Special Forces soldier killed by snake bites
Posted September 17, 2008
Fort Bragg, N.C. — A Special Forces trainee died of multiple bites from a water moccasin during field training in June, Army officials said Wednesday.
Pfc. Norman M. Murburg, 20, was conducting the individual land navigation exercise in Hoffman training area, near Camp Mackall, on June 9 as a part of the Special Forces Assessment and Selection process conducted by the John F. Kennedy Special Warfare Center and School at Fort Bragg, officials said.
Murburg reached the first point along the course but failed to check in at the next point or the assembly point at the end of the exercise, officials said.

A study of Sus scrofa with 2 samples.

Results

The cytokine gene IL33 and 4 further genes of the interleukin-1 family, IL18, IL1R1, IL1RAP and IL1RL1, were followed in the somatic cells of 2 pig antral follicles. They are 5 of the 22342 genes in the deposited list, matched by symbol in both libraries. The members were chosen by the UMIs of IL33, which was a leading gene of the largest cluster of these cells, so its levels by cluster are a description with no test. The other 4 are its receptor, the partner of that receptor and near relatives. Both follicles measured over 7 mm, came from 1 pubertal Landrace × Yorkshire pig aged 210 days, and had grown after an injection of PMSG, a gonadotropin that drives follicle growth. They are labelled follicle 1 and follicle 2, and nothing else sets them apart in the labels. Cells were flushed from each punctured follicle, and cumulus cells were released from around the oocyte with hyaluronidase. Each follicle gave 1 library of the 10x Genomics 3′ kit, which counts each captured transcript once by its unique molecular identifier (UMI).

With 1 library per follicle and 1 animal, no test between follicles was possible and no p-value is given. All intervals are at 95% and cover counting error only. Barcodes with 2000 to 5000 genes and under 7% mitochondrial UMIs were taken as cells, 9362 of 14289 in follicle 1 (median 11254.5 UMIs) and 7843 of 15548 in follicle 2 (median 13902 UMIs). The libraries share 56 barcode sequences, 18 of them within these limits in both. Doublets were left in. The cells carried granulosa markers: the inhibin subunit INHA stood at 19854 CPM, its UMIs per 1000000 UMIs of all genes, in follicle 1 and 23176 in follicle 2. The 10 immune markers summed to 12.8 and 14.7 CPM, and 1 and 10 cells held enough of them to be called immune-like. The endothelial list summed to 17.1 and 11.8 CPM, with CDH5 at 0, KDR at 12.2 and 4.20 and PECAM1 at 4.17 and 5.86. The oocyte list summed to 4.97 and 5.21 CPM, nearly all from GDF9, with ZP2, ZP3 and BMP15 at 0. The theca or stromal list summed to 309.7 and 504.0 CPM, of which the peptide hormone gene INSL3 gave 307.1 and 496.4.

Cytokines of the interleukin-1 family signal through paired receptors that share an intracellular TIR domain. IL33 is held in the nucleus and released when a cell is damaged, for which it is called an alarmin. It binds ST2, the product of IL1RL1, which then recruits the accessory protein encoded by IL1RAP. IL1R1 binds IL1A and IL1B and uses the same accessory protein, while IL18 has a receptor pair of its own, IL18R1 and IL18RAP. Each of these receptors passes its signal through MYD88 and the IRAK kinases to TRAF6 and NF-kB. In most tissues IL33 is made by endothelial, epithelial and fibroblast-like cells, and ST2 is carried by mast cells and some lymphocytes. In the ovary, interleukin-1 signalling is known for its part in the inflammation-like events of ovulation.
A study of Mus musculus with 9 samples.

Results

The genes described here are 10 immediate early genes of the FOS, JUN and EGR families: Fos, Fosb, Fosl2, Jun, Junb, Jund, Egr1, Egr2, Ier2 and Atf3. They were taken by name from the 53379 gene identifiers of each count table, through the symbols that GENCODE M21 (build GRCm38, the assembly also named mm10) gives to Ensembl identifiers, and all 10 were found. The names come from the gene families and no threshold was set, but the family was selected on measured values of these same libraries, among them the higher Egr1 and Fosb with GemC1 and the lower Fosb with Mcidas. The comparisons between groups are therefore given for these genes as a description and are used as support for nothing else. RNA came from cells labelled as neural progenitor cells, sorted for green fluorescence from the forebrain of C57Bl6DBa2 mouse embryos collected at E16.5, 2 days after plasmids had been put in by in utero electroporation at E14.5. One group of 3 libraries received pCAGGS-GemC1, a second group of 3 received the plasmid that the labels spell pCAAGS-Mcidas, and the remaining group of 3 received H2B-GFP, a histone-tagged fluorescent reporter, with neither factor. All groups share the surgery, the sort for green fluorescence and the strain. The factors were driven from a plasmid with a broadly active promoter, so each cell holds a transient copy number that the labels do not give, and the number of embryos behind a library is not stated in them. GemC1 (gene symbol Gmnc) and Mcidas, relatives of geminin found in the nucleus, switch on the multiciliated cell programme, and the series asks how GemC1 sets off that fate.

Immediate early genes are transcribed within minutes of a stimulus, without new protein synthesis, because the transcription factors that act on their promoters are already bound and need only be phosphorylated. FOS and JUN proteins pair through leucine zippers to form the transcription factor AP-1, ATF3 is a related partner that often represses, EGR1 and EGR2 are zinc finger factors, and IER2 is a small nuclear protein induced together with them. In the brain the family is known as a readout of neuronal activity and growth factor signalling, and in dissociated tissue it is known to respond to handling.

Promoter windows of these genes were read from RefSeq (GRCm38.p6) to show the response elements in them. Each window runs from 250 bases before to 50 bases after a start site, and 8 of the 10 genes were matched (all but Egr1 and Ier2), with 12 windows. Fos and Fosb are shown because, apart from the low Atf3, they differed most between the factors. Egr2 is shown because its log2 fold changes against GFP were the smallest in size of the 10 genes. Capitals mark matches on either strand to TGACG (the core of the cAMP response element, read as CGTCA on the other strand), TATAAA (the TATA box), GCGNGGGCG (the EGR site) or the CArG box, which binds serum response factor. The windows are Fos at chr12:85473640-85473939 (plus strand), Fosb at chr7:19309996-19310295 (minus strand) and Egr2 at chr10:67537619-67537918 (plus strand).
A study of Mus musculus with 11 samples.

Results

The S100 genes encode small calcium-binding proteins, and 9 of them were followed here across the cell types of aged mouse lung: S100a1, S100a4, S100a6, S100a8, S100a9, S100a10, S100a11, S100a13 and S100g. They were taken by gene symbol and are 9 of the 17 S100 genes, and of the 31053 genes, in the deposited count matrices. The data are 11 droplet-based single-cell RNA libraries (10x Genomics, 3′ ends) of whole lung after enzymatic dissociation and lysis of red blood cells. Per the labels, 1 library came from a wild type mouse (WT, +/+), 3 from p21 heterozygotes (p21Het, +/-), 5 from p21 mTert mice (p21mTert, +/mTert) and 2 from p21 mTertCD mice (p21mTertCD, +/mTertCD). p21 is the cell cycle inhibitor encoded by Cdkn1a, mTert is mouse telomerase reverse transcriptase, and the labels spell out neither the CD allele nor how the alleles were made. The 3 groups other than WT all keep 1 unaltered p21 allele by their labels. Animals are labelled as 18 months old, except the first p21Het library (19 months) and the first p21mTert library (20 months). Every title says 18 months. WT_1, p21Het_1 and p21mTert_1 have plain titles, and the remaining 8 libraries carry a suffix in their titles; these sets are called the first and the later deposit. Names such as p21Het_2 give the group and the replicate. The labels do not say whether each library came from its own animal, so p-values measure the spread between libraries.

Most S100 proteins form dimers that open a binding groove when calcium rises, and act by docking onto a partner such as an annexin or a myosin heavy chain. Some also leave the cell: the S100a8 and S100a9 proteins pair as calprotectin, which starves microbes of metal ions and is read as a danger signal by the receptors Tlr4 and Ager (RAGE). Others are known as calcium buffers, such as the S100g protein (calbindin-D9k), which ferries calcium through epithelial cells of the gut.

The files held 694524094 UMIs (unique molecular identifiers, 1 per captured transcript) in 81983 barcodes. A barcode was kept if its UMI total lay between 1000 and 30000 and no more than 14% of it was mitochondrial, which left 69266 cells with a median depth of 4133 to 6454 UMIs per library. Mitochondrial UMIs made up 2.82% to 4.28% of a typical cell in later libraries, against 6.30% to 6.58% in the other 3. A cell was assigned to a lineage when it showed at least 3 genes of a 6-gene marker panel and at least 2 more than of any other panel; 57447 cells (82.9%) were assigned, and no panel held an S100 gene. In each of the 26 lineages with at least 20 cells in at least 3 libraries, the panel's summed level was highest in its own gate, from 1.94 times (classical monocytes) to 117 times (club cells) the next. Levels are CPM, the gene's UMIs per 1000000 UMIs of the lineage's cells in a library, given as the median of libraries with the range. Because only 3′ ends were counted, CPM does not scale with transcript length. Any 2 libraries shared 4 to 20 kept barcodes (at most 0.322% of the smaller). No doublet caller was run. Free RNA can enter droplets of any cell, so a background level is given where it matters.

Ben Abel, a spokesman at the John F. Kennedy Special Warfare School, said his body was found the next day, along with all of his personal equipment, including water and emergency equipment.
An autopsy ruled out heat or dehydration as a cause of death and determined a cottonmouth moccasin – one of six venomous snakes in North Carolina – bit Murburg.
Its bite destroys tissue and is fatal without medical intervention. Symptoms include extreme swelling, burred vision and vomiting.
Abel said Special Forces training includes wildlife safety, including identifying snakes. But, he said, "you're not always going to be aware of 100 percent of everything around you."
Nearly 500 soldiers spent 21 hours searching for Murburg, Abel said. None of his emergency devices, including a high-frequency radio tracker, had been activated.
“Pfc. Murburg’s death reinforces the dangerous nature of the training that our soldiers undertake to prepare themselves for the rigors of Special Forces,” Maj. Gen. Thomas Csrnko, commander of the Kennedy Special Warfare Center, said in a statement.
“We go out of our way to stress safety in all that we do, but there are some circumstances that are out of our control.”